This tabby cat sitting outside minding his own business with a nice collar and bell to help protect the birds has very interesting eyes because the pupils are triangular-shaped due to a congenital condition called coloboma. This is particularly noticeable in domestic cats because we know that they have pupils which vary from a circle when wide open to a narrow slit when closed down to block the light. Just to be clear, the pupil is the opening in the eye which allows light through onto the retina. It is surrounded by the iris which is made up of muscle which adjusts the size of the pupil. The iris is normally coloured with pigment granules.
This tabby cat has a congenital condition call coloboma which describes missing tissue in part of the eye. It can cause sensitivity to light and/or vision loss. Coloboma can affect one or both eyes.
In this instance part of the iris is missing leaving a triangular aperture rather than the usual slit when a cat is outdoors in daylight. This will result in the retina receiving more light than normal. I would expect that this cat is sensitive to strong daylight as he is unable to “stop-down” the pupil to the point where light is more effectively blocked out.
Let’s remember that the retina has a reflective layer behind it (tapetum lucidum) to make it more sensitive to light and therefore the iris does need to be stopped down very tightly to protect the retina. This cat is unable to do that.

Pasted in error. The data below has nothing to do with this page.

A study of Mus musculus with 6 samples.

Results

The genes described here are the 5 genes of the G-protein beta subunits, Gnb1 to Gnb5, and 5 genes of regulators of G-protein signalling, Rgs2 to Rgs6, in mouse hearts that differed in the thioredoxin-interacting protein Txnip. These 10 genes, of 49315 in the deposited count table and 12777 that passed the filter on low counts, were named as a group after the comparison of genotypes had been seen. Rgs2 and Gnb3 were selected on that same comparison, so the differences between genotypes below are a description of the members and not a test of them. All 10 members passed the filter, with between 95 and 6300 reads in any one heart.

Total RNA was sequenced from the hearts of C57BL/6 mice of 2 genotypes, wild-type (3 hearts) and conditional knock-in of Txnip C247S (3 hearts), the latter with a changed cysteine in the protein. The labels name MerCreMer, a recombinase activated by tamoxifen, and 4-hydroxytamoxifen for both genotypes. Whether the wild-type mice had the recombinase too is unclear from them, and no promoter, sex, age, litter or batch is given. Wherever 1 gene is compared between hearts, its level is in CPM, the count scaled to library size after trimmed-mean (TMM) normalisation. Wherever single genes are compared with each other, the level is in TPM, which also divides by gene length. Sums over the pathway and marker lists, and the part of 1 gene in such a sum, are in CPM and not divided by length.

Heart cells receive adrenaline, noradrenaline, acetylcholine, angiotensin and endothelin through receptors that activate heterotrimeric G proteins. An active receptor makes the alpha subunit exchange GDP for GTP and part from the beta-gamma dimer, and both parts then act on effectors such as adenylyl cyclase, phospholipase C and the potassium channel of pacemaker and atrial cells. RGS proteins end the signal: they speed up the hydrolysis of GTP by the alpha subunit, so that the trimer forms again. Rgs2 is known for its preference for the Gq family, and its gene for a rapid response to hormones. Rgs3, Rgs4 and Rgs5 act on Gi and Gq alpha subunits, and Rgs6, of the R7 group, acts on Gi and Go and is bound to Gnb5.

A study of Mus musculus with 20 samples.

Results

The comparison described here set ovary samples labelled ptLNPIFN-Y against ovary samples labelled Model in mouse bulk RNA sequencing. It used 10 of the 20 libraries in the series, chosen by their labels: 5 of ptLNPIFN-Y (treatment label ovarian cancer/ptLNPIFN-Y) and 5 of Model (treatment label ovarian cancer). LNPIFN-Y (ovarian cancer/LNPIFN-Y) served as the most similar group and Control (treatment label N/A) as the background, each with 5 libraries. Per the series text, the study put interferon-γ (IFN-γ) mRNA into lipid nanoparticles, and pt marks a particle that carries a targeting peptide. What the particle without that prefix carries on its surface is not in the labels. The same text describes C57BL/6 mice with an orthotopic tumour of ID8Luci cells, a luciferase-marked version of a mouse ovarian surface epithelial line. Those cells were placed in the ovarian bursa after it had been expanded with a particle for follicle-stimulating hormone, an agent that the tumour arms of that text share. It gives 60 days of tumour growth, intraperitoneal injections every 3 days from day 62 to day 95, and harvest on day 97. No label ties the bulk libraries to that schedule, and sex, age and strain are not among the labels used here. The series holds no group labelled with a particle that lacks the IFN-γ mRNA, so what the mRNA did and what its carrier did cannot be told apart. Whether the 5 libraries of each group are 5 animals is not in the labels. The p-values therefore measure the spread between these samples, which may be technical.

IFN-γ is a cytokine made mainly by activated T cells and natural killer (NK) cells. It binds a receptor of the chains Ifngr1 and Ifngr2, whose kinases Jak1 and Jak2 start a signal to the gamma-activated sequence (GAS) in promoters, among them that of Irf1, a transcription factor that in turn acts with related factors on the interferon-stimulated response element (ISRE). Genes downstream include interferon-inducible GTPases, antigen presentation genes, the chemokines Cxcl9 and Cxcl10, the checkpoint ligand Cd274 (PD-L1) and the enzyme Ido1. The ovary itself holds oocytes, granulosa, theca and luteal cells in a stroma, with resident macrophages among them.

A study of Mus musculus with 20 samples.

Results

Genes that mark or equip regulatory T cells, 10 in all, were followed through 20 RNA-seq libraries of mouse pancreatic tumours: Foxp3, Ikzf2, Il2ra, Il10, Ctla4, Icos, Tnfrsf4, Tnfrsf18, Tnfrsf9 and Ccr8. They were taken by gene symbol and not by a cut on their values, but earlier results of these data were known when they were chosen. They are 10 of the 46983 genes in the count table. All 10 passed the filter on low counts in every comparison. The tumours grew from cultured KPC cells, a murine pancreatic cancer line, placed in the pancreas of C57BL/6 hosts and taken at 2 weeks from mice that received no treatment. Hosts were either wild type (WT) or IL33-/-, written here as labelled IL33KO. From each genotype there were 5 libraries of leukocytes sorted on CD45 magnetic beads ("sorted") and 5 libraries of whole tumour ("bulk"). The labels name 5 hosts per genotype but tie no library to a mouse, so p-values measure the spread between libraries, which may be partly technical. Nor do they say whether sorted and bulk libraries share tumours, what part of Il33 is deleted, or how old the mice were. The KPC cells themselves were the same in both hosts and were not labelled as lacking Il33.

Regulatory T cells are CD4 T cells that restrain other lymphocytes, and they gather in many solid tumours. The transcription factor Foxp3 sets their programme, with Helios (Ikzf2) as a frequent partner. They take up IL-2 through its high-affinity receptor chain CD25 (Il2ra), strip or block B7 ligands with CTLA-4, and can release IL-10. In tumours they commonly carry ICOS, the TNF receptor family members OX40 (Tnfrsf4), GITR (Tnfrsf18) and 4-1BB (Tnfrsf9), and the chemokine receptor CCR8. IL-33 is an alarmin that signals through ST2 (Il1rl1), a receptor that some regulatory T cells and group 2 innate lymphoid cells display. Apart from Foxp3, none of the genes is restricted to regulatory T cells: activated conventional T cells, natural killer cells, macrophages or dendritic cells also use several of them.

This irregular shaped iris may also affect his/her depth control vision because the slit-like pupil of the domestic cat helps to manage depth perception and therefore improves predation. There is a third aspect of the slit-like iris in cats and that is that the eyelid passes down over it in very bright light to further protect the eye. This aspect of light control in the domestic cat will be less effective in this individual.
However, I wouldn’t expect that coloboma in this tabby cat affects him dramatically. Hardly at all, actually. In fact, I would expect the owner to see no difference in his behaviour compared to a normal domestic cat.
Coloboma affects humans as well. They can receive treatment such as glasses, surgery, low vision aids or an eye patch or eyedrops. Surgery in people is carried out to make their pupils look rounder. It seems that it is carried out mainly for cosmetic reasons. They can wear glasses to correct for “refractive errors” which allows them to see more clearly. And sometimes people with colobomas can also wear coloured contact lenses to make their pupils look rounder.
None of the above apply to domestic cats! People just accept it although I think that it might be useful to keep your cat inside in very bright sunlight if the coloboma resulted in a triangular-shaped opening as we see the photograph.
Below are some more articles on cat eyes.
Primary Abyssinian cat health problem is inherited progressive retinal atrophy (PRA) causing blindness
Please search using the search box at the top of the site. You are bound to find what you are looking for.